A jersey worn by Michael Jordan is selling for $3 million in NYC


They say that if you want to be a star, you should dress like one. So, perhaps, getting your hands on an iconic jersey worn by the one-and-only Michael Jordan during the 1998 NBA finals will turn you into a basketball prodigy. 

The only thing that might hold you back from even trying, though, is the item’s price tag: estimated at $3-$5 million. 

Dubbed the “Last Dance” jersey given the fact that Jordan wore it during Game 1 of the finals of his final year with the Chicago Bulls against the Utah Jazz, the shirt is an incredibly important one. It was also featured on the cover of the June 1998 issue of Sports Illustrated.

The item is going to auction via Sotheby’s on September 6 through 14. Before then, folks who simply want to gaze at the sports memorabilia, one of two finals jersey to ever appear at auction, can do so in Monterey, California from August 17 through the 20. The item, on view for the first time in over 20 years, will then be displayed at Sotheby’s New York from September 6 through the 12th.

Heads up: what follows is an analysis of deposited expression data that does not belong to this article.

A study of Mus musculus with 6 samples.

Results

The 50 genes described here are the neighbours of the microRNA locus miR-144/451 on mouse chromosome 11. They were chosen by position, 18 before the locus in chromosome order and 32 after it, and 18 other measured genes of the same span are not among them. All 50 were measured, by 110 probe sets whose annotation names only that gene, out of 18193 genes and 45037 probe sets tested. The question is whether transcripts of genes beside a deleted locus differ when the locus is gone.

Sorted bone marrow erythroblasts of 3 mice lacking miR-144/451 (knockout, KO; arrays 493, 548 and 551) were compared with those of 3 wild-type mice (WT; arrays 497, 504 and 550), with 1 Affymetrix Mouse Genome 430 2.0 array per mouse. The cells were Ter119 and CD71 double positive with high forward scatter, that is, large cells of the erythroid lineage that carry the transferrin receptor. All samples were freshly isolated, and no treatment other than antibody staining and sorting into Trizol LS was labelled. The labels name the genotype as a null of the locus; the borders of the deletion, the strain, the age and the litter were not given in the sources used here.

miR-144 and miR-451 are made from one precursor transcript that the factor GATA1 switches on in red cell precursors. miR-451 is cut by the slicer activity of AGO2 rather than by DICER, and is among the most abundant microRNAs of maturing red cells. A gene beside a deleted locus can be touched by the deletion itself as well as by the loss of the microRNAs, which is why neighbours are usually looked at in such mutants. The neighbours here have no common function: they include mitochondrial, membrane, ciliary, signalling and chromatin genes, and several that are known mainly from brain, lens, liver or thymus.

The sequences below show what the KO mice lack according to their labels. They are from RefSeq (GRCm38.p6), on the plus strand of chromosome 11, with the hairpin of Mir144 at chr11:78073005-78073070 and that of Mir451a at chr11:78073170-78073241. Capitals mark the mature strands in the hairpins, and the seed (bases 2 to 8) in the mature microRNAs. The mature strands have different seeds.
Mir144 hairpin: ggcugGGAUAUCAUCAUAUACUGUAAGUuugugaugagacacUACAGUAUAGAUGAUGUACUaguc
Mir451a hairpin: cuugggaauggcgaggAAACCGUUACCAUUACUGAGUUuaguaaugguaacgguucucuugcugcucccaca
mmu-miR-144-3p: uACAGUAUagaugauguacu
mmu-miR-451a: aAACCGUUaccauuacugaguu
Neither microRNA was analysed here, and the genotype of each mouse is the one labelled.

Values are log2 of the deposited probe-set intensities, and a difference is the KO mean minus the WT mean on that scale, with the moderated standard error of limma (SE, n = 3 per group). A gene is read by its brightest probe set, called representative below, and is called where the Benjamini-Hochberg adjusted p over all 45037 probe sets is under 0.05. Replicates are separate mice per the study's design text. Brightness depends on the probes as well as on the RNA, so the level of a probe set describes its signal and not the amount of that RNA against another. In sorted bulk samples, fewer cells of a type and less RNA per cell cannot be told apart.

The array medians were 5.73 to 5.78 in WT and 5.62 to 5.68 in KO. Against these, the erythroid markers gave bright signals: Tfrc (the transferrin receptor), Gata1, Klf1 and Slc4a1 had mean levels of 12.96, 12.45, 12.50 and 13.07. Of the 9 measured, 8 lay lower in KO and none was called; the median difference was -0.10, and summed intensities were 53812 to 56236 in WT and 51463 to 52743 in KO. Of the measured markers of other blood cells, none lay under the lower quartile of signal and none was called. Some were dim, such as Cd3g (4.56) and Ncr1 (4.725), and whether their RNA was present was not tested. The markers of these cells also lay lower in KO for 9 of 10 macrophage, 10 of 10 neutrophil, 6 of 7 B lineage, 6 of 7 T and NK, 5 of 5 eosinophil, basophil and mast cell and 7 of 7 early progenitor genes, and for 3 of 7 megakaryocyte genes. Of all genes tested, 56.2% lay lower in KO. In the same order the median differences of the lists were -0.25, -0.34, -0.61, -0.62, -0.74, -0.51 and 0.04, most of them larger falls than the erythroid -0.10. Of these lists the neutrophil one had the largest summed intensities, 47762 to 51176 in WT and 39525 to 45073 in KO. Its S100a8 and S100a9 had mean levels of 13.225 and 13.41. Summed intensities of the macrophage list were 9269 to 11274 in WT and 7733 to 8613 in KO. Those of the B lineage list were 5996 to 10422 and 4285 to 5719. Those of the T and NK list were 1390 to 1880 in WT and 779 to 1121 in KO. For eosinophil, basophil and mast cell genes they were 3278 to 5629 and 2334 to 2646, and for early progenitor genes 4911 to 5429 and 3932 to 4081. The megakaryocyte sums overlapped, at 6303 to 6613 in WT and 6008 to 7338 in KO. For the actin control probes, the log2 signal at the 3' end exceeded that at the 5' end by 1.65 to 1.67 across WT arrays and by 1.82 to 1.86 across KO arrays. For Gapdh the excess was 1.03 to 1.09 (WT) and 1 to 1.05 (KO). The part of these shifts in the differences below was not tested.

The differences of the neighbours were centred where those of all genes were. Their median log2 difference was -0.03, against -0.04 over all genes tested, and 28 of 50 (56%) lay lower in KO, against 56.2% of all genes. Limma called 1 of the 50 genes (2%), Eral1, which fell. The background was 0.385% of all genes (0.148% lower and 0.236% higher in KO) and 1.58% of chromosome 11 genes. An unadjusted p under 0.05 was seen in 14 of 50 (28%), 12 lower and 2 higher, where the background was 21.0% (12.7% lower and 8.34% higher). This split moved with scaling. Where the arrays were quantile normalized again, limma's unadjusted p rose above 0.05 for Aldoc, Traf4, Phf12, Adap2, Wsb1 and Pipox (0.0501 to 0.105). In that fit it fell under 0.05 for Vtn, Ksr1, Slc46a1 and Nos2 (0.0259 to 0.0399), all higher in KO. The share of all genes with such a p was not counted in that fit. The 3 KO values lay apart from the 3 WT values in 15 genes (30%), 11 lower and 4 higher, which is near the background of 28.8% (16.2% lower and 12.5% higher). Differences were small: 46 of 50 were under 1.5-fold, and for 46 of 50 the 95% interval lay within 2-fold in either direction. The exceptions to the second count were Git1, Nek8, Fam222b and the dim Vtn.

“Michael Jordan’s NBA Finals jerseys are incredibly rare, with most remaining in private hands, and an NBA Finals Home jersey residing in the Smithsonian’s National Museum of African American History and Culture since 2016, which Jordan donated,” reads an official press release about the upcoming auction. “The auction comes on the heels of Sotheby’s record-breaking auction of Diego Maradona’s historic 1986 World Cup match-worn shirt, which achieved $9.3 million—a world auction record for any sports memorabilia and the most valuable jersey ever sold.”

The “Invictus: Part 1” auction will also feature items associated to other iconic sport personalities, including tennis legend Roger Federer, ice hockey champion Wayne Gretzky and historical boxer Muhammad Ali.

Although estimated to sell for about half of what Maradona’s shirt went for, we have complete faith in Jordan and sort of expect him to indirectly shatter records once more by witnessing the sale of his own T-shirt for an enormous amount of money. That’s just what he does, after all.